Take a completely unique molecular plasma technology and combine it with a visionary team that is not afraid to change direction and think outside of the box. Place them in a nurturing national ecosystem, and you have the main ingredients of the success story of Molecular Plasma Group. Four years after its creation, the Luxembourg start-up is about to make a major international breakthrough.
Source : luxinnovation.lu
Publication date : 04/22/2020
The story of Molecular Plasma Group (MPG) started in 2016, when it was created as a spin-off from the Luxembourg Institute of Science and Technology (LIST) to commercialise a unique nano coating technology using cold atmospheric plasma. Finding a home at the incubator Technoport, the researchers behind the technology started to look for the right market for their solution. As for many start-ups, this proved to be far from easy. Seeing the company’s need for a push forward, Luxinnovation, the national innovation agency, connected it with serial entrepreneur and business angel Marc Jacobs.
Molecular plasma technology for adhesion improvement
“We knew that we had a fantastic technology able to fix organic molecules onto any surface in a permanent way, thereby changing its functionality,” remembers Mr Jacobs, who joined the company as investor and board chair but who today serves as its CEO. “What we did not know was how to use it to bring real value to paying customers. So we went out on the market and asked a wide range of players if there were any problems we could help them solve.”
This approach was successful. Within one year, MPG had initiated 50 proof of concepts with various clients. When analysing what these projects had in common, the company realised that it was all about enabling adhesion to very difficult substrates. “Put very simply: when people are unable to glue something onto something else, our technology can make a real difference.”
MPG decided to position itself as a technology platform. It trademarked its solution as MolecularGRIPTM and started to look for partners to develop tangible applications that could be sold on the market. The main focus is on major players in the field of gluing and on robotics technology integrators that can use the technology as part of their solutions in industrial production lines. “Our way forward is clearly through partnerships,” Mr Jacobs points out. “In addition to industry, we are also actively partnering with research institutes and universities that help us develop new applications for our technology.”
Biomedical industry: a new opportunity
One of the organisations that MPG reached out to at an early stage was Belgian research institute Imec, which became very interested in the technology’s ability to deal with biomolecules and antibodies for biomedical purposes. Through a proof of concept realised together with the university KU Leuven, the company was able to show that it could fix biomolecules such as antibodies onto glass substrates in 10 seconds, rather than the current industry standard of 24 hours.
“This opened our eyes to a new market with huge potential – but at the time, we did not know anything about the biomedical sector,” Mr Jacobs admits. Unwilling to let the opportunity pass, the company successfully applied to Luxembourg’s renowned accelerator programme Fit 4 Start and obtained a place in its first healthtech cohort. “Fit 4 Start was absolutely amazing. It gave us a feeling for the market and helped us develop a roadmap. Since graduating from the programme, we have initiated proofs of concept with several global biomedical players and recruited a business developer in charge of developing this market.”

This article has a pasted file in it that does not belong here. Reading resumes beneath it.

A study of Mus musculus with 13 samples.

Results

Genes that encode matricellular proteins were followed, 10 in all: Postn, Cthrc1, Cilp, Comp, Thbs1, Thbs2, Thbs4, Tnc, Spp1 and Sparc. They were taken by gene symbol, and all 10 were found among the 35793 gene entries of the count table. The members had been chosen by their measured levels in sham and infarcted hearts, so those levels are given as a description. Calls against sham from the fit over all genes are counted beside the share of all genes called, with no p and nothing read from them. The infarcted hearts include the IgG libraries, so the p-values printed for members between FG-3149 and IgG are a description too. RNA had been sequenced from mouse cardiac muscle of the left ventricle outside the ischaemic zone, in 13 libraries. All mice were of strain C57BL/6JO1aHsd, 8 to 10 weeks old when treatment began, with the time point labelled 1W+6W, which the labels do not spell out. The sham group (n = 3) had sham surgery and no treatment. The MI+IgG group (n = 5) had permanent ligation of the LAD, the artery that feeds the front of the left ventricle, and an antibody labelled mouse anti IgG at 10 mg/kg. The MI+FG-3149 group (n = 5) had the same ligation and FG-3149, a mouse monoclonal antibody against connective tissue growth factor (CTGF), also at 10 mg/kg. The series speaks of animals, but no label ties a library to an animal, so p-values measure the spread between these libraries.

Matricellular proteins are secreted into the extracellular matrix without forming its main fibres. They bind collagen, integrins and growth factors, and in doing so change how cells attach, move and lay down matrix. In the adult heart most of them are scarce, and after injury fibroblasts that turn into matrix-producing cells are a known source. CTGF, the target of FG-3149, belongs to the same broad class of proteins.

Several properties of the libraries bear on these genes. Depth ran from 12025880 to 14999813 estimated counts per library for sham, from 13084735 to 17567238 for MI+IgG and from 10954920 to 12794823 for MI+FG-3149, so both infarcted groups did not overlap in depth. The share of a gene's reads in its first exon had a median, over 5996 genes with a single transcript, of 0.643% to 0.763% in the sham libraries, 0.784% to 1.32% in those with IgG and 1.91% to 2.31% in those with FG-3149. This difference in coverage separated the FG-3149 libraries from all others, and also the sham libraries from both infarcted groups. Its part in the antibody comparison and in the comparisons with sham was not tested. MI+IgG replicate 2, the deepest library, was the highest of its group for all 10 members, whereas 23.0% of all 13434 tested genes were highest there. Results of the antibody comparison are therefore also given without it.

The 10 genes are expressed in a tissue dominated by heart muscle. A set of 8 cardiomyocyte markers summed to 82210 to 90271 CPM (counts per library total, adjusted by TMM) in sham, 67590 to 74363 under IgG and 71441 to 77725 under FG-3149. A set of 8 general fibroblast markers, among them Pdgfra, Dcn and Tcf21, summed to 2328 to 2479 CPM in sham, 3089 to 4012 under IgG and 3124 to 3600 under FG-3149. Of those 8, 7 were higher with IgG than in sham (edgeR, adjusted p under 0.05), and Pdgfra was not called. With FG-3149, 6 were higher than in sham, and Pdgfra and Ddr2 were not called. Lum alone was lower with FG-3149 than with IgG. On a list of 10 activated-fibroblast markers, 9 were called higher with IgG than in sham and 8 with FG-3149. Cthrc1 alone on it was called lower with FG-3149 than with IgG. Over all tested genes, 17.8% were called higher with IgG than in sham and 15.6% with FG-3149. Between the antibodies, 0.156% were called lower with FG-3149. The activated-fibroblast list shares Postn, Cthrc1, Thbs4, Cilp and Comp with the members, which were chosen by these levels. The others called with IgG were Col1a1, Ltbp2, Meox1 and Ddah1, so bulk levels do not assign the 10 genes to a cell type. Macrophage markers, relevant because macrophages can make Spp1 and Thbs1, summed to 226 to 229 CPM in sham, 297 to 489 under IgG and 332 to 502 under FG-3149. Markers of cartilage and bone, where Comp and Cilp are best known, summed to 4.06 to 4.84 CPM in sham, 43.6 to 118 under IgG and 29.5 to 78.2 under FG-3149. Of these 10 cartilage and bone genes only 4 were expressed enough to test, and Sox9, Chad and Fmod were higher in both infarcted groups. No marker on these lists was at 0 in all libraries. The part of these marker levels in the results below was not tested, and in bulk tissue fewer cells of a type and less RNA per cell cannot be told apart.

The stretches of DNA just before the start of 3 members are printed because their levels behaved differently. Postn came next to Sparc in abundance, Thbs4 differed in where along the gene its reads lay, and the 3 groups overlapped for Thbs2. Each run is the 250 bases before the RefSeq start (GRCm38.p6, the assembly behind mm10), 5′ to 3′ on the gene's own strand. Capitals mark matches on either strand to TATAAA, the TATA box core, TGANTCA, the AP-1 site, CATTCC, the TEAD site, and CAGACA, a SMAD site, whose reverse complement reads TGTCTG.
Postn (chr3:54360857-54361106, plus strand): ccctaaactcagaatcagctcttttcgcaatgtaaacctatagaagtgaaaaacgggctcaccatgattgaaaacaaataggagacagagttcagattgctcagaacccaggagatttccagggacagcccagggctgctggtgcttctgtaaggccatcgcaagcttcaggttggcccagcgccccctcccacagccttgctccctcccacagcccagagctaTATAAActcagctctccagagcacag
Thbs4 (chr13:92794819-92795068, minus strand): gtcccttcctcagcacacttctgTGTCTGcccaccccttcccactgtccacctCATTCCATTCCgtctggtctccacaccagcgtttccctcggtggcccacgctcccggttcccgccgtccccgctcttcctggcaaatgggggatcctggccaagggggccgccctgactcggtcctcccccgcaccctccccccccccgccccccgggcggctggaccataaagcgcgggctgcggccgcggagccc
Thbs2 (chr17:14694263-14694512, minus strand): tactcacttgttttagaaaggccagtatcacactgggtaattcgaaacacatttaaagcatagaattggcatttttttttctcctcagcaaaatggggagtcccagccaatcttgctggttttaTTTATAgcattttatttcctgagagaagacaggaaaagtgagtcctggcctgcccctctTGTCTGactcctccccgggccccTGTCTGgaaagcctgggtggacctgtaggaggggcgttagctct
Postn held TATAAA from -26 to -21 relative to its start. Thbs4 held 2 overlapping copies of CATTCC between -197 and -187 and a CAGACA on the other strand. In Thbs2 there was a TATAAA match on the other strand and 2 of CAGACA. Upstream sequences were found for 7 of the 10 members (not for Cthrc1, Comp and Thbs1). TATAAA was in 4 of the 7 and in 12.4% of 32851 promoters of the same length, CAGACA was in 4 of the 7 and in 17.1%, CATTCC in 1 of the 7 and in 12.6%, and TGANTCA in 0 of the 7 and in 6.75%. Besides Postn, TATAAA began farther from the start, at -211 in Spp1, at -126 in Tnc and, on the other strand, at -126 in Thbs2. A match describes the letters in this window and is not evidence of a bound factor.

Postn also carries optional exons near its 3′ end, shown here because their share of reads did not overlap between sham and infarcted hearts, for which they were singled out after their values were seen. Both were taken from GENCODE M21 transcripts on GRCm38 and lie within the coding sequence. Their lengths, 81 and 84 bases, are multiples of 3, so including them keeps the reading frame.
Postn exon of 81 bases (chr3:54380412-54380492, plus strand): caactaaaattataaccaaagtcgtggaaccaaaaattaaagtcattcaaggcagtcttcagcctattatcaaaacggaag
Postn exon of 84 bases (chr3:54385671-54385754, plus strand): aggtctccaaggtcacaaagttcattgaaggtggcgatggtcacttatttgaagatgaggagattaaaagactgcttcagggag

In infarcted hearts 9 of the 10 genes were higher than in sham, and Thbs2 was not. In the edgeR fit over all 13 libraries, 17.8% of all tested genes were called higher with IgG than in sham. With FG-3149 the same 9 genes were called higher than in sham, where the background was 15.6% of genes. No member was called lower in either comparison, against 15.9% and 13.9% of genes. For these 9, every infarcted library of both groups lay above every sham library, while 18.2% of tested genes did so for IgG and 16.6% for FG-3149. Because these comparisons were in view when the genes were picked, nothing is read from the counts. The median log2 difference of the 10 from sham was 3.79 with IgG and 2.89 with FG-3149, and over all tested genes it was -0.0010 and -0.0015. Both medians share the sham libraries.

When the COVID-19 pandemic broke out, the company realised that its molecular plasma technology could be deployed to help fight the health crisis and initiated the development of a device to sterilise mouth masks as a means to avoid shortages. The technology can also help prolong the life span of masks or other personal protective equipment (PPE) such as protective gowns by firmly binding antibacterial and/or antiviral compounds to the material.
Further research and development remains crucial for MPG. With support of Luxinnovation, the company is preparing a major in-house R&D project for which it will apply for co-funding from the Ministry of the Economy. It has kept its close links with LIST, with which it has two joint research projects with funding from the National Research Fund (FNR) under way.
MPG is also exploring interesting opportunities for how its technology could be used in research activities carried out by the Luxembourg Centre for Systems Biomedicine (LCSB). In addition, the company is a member of Composite Industry Luxembourg, a group of industrial companies working closely with the National Composite Centre – Luxembourg hosted by LIST.
The client list of the developing company is impressive and notably includes Arianespace, the world’s leading satellite launch company, for which it has just successfully concluded a feasibility study. It has supplied R&D systems to global Tier 1 companies as well as to the universities of Ghent and La Rioja and research centres such as PICC, Centexbel and LIST. It is also working with Luxembourg-based industrial corporations. “A first industrialisation of our molecular plasma technology for one of our largest customers will also happen this summer.”
MPG currently has a staff of 10 and expects to be 15 by the end of the year. In 2019, the company had a turnover of €1.5 million, a figure that it expects to increase by 60-100% in 2020. “The main reason for our success is the team,” Mr Jacobs emphasises. “The level of expertise and the commitment of the team members is way beyond anything I have ever seen before. The national ecosystem – the Ministry of the Economy, Luxinnovation, LIST and many others – has also been incredibly supportive. Without their support, our successful development simply would not have happened.”